Only a few days before I was to leave on my trip, a week after the elections, the Taliban broke their silence. A suicide bomb ripped through Chicken Street, a shopping area famous for rugs and frequented by westerners.
Check out thefullmonte.com I came to Afghanistan to cover the first-ever democratic elections with an American documentary film team. In the weeks leading to the Afghan elections the Taliban vowed bombings and kidnappings. However, the only excitement over the month of campaigning and Election Day was that from the Afghan people rallying for their candidates.
With a week left before I was to leave Afghanistan, I had planned a 3-day trek to Bamiyan with my colleague, John Monte, a cameraman. Kabul had become a fortress city where dwellings were not called homes or offices, but compounds with 2 to 3 guards holding AK-47s. There was a slight tension in the air. International security forces, ISAF, rumbled through the city in armored personnel carriers and Humvees swinging 70 caliber machine guns. And there was a constant buzz of Apache attack helicopters above.
Only a few days before I was to leave on my trip, a week after the elections, the Taliban broke their silence. A suicide bomb ripped through Chicken Street, a shopping area famous for rugs and frequented by westerners. Two blocks from where I was staying, John and I walked over (We learned later that a common tactic is to attract a crowd with the first bomb so the second one can inflict mass casualties).
At the scene we were told that a man with 6 grenades strapped to him started tossing his arsenal at ISAF soldiers. Beside himself, he killed 3, including a little girl begging on the street, and wounded 7. The carnage laid on the ground. In the days following the bombing, a soldier was shot in the park next to my guesthouse in Sharhe-Now, and a UN worker was critically wounded in a drive-by shooting. All UN and humanitarian workers in Kabul were locked down, forbidden to leave their compounds.
After five weeks running all over Kabul I was burned out, and in serious need of a vacation. I needed to see another side of Afghanistan besides the chaos and dust of the city, and the latest incidents only added to this desire. John, who had traveled to Afghanistan two years earlier in 2002, kept telling me how there is an addictive charm to the country. I still hadn’t come to this conclusion.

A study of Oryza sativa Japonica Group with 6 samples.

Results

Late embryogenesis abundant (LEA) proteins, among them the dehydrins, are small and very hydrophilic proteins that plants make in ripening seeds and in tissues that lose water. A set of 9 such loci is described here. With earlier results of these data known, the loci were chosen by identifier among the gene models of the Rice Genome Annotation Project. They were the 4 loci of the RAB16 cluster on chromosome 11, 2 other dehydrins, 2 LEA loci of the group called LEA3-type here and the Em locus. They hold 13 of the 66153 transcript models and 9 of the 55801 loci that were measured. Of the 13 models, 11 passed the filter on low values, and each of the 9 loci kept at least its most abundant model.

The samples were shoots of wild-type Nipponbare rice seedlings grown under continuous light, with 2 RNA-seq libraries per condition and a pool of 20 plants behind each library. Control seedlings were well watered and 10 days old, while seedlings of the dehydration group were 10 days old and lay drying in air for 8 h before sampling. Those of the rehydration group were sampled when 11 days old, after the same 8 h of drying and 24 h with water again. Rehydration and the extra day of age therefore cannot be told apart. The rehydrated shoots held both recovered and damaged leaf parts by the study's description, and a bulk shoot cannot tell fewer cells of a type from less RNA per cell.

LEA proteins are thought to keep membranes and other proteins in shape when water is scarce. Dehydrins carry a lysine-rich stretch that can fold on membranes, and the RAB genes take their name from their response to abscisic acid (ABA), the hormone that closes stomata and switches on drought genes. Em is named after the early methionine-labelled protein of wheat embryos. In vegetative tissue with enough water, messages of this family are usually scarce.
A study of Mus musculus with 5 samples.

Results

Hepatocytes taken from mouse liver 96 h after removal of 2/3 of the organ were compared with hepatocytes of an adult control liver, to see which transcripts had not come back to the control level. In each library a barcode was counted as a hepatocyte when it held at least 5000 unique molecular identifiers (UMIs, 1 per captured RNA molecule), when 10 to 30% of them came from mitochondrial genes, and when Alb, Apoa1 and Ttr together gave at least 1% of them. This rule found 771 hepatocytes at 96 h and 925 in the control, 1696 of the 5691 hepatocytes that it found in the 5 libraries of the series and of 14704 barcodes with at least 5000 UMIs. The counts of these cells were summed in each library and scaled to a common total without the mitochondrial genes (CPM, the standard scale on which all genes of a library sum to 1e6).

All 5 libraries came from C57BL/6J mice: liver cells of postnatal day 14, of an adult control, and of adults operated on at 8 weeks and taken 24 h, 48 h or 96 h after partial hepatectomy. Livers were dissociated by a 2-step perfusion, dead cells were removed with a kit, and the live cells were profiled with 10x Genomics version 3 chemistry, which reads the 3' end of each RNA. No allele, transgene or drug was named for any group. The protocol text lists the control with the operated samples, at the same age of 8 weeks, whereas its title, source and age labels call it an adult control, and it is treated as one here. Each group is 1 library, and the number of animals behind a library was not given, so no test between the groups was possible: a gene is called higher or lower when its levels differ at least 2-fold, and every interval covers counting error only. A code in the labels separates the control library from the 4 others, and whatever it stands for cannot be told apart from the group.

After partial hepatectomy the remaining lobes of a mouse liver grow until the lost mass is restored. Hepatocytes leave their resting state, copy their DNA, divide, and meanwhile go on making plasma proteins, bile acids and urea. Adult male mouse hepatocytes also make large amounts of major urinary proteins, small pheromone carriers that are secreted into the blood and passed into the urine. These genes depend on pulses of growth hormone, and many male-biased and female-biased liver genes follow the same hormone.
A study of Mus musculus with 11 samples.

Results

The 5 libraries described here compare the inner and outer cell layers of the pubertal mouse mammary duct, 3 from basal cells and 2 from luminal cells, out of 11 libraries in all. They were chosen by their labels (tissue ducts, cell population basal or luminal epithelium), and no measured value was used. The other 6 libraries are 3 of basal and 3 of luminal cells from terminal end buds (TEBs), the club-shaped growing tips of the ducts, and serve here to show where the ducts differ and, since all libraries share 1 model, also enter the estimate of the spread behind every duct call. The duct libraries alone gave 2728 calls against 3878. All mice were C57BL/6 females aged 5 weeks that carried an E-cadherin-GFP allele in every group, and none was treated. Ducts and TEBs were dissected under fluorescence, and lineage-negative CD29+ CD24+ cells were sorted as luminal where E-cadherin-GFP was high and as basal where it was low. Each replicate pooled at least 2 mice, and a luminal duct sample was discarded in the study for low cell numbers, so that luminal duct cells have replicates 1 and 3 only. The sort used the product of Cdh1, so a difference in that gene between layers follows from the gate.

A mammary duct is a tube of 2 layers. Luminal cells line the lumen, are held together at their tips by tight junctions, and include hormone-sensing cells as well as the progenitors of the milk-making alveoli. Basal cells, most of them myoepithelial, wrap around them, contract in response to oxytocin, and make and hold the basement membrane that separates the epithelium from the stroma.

Bamiyan ” the place where the Taliban destroyed the Buddhas ” was a 10 hr. drive on brain bruising dirt roads that gave your neck permanent whiplash” but it is said to be some of the most beautiful country. We rented a 4 wheel drive van and hired a driver who we thought spoke English (but actually only knew the word “yes”) for $350, and we began our sightseeing tour.
The only souls in the mountain passes, altitudes for which we could only find on Russian maps, were farmers on donkeys herding their sheep. In a barren country, this terrain sees snow-capped peaks rise from lush river valleys. Women in bright colored head scarves and men in turbans wrapped around their faces to protect from the harsh elements, separate wheat from its stalk. I was told these are the descendants of Genghis Khan, the Hazara people, and their elegant facial features look Mongolian. I felt I had traveled back 4 or 5 centuries in time.
As men tossed the wheat in the air with wood shovels John and I filmed and took pictures. They could not believe the digital camera. Little laughs bellowed out as they looked at their image (maybe for the first time). Their look of surprise was priceless as they called their friends over to have a look”others started posing for the photo shoot. Women in burqas quickly scooted by, avoiding the cameras altogether.
The Taliban’s destruction of the giant Buddhas is truly a shame. These enormous sculptures were carved between 400AD and 600AD and overlook the village of Bamiyan. Although they are now big holes, one still feels their immense presence. As Jake Sutton, a well-known cameraman in Afghanistan said, “they couldn’t have picked a more perfect place to overlook for eternity.”